Time for America to wake up and take care our retirement system

Time for America to wake up and take care our retirement system

I wrote last year that the retirement crisis is our next Flint, a predictable tragedy that could have prevented through proactive measures. Reductions to tax-deferred contribution limits would have taken steps back rather than forward, hastening rather than staving off this crisis. Republican legislators ultimately decided against this in their plan, and should be applauded. Don’t be mistaken, however, because a crisis not accelerated does not make a crisis solved.

The state of the retirement system and retirement savings didn’t carry much weight during the presidential election and it hasn’t been a priority for the legislative agenda. There is little indication that the current administration is worried that there is an issue or has considered the potential fiscal, not to mention moral, ramifications of creating a generation of retired poor.

Some hope comes from one government agency that is very aware of the retirement situation and the weaknesses in the system: the U.S. Government Accountability Office. A 2015 report found, “About half of households age 55 and older have no retirement savings” such as in a 401(k) plan or an IRA. It also found that among those with some retirement savings, the median amount is about $104,000 for those between ages 55 and 42 and $148,000 for those ages 65 to 74.” Since living off one’s assets for up to 35 years will require some people to have saved in excess of a million dollars, current averages are equivalent to only a few years of retirement spending.

In a 2017 report, the GAO describes the clear shift away from employers offering traditional defined benefit pension plans to defined contribution plans, such as 401(k)s, as the primary type of retirement plan. It also highlights the challenge of economic and social variables, such as health care costs and debt loads, on managing self-directed defined contribution plans. Employer plans are a core pillar of retirement, alongside the government and individuals. This shift to defined contribution plans means that two of the three retirement pillars, employer plans and personal savings, now place the majority of the responsibility for saving on the individual. The third pillar, government programs, is under acute stress and risks not being able to fund benefits by 2035, according to the report.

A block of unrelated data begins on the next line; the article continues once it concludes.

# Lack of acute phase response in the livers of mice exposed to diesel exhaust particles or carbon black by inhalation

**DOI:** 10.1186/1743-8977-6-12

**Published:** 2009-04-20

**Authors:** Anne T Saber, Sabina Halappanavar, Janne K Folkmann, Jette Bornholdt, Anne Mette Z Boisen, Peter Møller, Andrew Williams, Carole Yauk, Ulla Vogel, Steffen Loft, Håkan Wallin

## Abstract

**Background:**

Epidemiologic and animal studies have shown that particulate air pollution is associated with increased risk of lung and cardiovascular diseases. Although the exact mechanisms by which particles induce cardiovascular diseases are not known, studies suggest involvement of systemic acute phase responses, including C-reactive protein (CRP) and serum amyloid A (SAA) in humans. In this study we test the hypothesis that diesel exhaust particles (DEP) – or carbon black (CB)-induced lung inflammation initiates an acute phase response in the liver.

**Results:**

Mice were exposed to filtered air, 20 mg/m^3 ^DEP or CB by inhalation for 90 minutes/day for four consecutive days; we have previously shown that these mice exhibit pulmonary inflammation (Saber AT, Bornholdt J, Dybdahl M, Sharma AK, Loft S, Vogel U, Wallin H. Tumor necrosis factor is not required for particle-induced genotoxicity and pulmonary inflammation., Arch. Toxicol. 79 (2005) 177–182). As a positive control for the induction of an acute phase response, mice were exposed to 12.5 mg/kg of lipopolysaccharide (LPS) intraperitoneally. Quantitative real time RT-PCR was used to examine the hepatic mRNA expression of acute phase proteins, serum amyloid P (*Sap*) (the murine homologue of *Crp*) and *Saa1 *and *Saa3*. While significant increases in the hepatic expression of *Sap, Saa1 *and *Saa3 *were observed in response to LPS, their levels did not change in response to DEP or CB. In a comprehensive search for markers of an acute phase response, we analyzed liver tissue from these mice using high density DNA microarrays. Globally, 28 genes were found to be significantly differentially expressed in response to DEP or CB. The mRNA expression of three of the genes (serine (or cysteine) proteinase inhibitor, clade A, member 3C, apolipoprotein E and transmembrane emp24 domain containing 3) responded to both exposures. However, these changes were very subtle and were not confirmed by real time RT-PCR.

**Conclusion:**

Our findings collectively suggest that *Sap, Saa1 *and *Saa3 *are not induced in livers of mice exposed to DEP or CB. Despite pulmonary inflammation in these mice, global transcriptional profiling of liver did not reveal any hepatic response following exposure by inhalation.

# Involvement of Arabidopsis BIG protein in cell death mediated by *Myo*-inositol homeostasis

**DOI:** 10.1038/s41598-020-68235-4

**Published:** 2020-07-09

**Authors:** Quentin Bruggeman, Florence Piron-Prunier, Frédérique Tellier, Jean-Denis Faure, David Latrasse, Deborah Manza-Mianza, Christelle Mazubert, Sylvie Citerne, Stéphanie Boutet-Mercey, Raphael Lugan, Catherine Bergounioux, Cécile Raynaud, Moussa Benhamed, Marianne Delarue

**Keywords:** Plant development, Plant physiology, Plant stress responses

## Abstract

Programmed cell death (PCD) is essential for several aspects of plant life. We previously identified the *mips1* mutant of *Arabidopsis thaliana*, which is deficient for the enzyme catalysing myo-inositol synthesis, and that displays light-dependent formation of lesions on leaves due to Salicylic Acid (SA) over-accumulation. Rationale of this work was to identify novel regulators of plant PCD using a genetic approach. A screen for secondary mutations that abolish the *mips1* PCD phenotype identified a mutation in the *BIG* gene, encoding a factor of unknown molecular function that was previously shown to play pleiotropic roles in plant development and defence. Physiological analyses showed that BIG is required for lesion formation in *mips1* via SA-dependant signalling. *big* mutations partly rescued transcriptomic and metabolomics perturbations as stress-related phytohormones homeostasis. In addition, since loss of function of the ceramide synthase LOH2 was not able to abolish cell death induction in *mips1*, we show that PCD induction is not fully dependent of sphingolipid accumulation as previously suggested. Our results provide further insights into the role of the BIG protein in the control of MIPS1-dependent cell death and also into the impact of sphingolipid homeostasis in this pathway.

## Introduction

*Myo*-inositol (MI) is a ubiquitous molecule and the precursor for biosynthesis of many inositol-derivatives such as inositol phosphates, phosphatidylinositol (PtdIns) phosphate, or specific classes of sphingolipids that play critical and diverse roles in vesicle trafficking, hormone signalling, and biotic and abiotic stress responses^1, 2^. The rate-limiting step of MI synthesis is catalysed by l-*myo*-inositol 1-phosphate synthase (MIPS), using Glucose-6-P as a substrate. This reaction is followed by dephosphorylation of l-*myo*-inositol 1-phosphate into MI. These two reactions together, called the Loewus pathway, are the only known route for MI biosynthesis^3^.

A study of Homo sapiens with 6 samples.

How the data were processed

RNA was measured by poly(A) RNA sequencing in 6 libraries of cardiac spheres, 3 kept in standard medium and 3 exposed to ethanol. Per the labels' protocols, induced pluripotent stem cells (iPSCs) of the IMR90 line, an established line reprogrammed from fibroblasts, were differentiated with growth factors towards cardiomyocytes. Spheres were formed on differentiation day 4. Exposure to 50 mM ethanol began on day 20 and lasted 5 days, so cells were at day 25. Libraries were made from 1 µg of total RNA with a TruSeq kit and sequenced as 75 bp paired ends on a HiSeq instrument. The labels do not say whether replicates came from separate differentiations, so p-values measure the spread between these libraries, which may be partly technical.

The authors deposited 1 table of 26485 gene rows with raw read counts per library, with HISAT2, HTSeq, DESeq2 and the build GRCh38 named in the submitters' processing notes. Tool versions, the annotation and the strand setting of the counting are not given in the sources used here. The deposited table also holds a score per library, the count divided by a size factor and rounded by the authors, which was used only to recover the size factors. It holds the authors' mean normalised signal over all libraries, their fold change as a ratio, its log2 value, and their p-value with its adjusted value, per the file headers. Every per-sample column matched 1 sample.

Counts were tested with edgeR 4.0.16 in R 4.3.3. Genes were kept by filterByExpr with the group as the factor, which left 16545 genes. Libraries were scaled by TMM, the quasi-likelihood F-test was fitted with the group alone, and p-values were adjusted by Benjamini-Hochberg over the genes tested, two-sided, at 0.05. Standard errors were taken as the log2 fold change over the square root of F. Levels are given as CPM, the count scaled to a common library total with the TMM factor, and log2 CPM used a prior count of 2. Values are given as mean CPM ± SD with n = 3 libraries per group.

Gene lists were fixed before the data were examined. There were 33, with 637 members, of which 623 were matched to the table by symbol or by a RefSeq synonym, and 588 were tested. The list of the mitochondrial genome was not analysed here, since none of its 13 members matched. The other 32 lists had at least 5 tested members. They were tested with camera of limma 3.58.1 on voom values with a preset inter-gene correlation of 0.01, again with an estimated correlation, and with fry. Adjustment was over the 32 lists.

The GAO paints a very bleak picture. Our retirement system is dependent on individual saving, but it does not provide adequate access, incentives and education about contributions and retirement preparedness. Moreover, it is a system under the financial stress of providing benefits to those that are financially underprepared for retirement. With these ingredients come a full retirement crisis. With crisis comes an array of social and financial issues that the country may not be in the fiscal shape to handle.

The GAO reminds us that it has been 40 years since a federal commission has conducted a comprehensive evaluation of the nation’s approach to financing retirement. Perhaps we’re overdue. When CFA Institute collaborated with Mercer to analyze what makes an ideal retirement system, our system’s deficiencies became perfectly clear. But there is a way forward. The report recommends a four-pillar system that not only puts some responsibility for saving and investing in the hands of individuals as part of a voluntary plan and with savings from outside the system, but also pairs that with governmental support which motivates voluntary savings and compensates individuals for not accessing it before retirement. It also recommends minimal benefits for all through a public pension and mandatory savings linked to the working years.

Without retirement reform, only the most diligent and disciplined about saving and investing have any chance of living off their assets once their working lives are over. This would also mean that low-income earners or those without access to retirement saving opportunities may be destined to live their golden years without any support.

Full-fledged retirement system reform will take significant time to address. However, there are modifications to the system that can be done in the short term to motivate savings and retirement preparedness: Greater retirement saving opportunities for lower income workers and small business employees, that may not have access to employer supported plans, better savings incentives and tax-advantaged options, such as life time tax-deferred contribution caps, and reduce the options for early withdrawal or provide greater disincentives for using retirement savings as an alternate financing vehicle.

The retirement system needs to make it easy and beneficial for individuals to save and invest for the future. It’s time for America to wake up to the fact that we have a significant retirement issue which needs to be addressed now before it becomes unmanageable or insurmountable. Retirement system reform will require political courage from all involved. Not only will it require legislative review and action, but also a public mandate as an imperative priority. With no action, we risk a generation whose survival is dependent on government assistance and a full-on retirement crisis.

Robert Stammers is director of investor engagement at the CFA Institute.